Earlier this year, I attended Camp Mustache Southeast in Gainesville, Florida. Among the many awesome people in attendance were Jonathan and Brad, two charming fellows with a passion for financial independence.
At the retreat, Brad told me a story that gave me warm fuzzies. In April 2011, I wrote an article at GRS about a British Airways travel card that offered 100,000 bonus miles when certain conditions were met. I was still a little wary of credit cards, but I decided to sign up. Brad read that article and decided to get the card too. “I got over $4000 in travel value out of that one card!” he told me. Now Brad runs a site called Travel Miles 101, which teaches families how to make the most of their credit cards.
Soon after that weekend north of Orlando, Brad and Jonathan decided to team up. They launched, Choose FI, a blog (and podcast) about designing the life you want, and about their experiments on the road to financial independence.
I’m pleased that this first-ever installment of Get Rich Slowly Theater (which I hope will be a regular Saturday column) features Brad and Jonathan’s latest episode from the Choose FI podcast. This particular episode is built around an interview with none other than yours truly, J.D. Roth.
During our hour-long conversation, we covered a wide range of topics. The guys asked me to recount my journey from debt to wealth. We talked about the importance of taking action, about trying to teach everyone how to be better with money, and about the current state of the financial independence community.
Other highlights include:
- I tell one of my favorite stories: How I chose my first bank account because it came with a free Frisbee. I used the Frisbee only for an afternoon, but I kept the bank account — and the monthly fee that came with it — for nearly seventeen years. That “free” Frisbee wasn’t free. In the end, it cost me nearly $1500!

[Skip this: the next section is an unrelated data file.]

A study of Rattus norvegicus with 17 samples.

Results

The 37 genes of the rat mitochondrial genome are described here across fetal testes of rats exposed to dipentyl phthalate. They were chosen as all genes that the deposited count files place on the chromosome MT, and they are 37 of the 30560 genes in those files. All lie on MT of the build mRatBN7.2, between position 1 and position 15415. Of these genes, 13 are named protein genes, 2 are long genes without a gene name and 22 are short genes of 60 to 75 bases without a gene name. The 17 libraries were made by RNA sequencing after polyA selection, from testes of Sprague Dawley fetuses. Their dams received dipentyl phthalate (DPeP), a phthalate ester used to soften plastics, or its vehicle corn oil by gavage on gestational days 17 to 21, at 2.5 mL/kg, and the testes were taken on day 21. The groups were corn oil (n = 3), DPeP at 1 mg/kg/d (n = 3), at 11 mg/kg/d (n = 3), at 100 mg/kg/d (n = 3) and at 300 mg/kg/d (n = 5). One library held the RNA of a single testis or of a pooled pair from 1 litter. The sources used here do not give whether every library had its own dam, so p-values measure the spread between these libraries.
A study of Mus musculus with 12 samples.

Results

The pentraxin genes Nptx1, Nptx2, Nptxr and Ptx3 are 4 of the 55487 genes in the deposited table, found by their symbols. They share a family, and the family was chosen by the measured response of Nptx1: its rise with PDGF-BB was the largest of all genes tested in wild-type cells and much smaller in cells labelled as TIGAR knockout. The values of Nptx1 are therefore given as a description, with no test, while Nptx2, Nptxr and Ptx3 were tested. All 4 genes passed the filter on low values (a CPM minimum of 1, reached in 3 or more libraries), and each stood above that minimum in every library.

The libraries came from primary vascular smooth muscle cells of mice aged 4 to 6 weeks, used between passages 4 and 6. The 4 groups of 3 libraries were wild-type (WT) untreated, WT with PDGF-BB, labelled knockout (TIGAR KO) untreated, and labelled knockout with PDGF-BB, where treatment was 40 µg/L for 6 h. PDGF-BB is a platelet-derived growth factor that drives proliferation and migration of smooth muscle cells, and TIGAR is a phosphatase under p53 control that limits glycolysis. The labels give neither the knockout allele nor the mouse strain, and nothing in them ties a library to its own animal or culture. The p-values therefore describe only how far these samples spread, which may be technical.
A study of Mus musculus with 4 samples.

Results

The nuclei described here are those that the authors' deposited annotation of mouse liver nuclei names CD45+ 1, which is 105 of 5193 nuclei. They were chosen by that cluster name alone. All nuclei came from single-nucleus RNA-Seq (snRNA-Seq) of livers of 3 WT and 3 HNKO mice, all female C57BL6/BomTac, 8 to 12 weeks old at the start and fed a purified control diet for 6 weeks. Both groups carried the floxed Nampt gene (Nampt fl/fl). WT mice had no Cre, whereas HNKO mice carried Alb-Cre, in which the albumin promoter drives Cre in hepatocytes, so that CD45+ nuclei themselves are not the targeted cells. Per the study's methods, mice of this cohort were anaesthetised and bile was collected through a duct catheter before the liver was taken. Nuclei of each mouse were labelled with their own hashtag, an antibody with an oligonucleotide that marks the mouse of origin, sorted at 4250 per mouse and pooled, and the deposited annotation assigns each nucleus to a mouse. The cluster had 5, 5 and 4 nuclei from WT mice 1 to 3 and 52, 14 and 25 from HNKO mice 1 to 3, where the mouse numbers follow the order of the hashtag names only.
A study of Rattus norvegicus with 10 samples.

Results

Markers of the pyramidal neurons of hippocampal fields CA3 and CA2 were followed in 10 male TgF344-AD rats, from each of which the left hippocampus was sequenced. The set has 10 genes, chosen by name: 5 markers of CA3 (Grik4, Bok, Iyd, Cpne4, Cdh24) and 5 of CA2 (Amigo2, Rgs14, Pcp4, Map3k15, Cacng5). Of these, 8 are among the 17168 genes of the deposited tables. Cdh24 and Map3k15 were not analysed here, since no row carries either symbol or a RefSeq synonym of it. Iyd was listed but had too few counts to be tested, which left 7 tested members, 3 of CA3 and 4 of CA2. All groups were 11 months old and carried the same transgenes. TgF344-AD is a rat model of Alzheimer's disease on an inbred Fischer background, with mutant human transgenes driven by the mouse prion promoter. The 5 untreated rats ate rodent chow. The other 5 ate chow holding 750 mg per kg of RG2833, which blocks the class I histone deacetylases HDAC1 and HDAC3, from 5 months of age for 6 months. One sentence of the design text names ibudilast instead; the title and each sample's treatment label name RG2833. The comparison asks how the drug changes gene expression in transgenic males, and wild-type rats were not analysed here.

- I also talk about how I attended college on scholarship, and how I made that happen. The secret? I worked hard in high school, I was involved in lots of activities, and I tested well. I should have mentioned Ramit Sethi’s excellent guide to getting college scholarships, but it didn’t occur to me during the interview.
- We discuss optimization vs. what works. In the world of personal finance, there’s usually more than one way to accomplish any given task. Some methods are more efficient than others. It’s easy to get caught up in the idea that if you don’t take the optimal path to your goal — buying a house, getting out of debt, retiring early — then you’re not doing it right. I think that’s bullshit. The right way to do something is the way that works for you, the method that actually allows you to accomplish whatever it is you’re after. “Suboptimal and following through is infinitely better than perfect optimization where you bail out,” Jonathan says, and he’s right.
We also spent a lot of time walking through the six stages of financial freedom, including a discussion of the huge gap between financial agency and financial security.
I listened to this podcast again this morning while walking my dog, and I was pleased. I don’t always like listening to myself, but in this case I felt like Brad and Jonathan did an excellent job steering the conversation, keeping me on task. I think there’s some interesting and useful stuff here. You might like it too!
Do you know of a podcast episode or YouTube video I should share with GRS readers? Let me know about it! For the time being, submit suggestions for GRS Theater by email to user jdroth at my Money Boss domain. (GRS email should be operational soon, but it isn’t yet.) Also, please note that comments are still broken and will appear in ALL CAPS.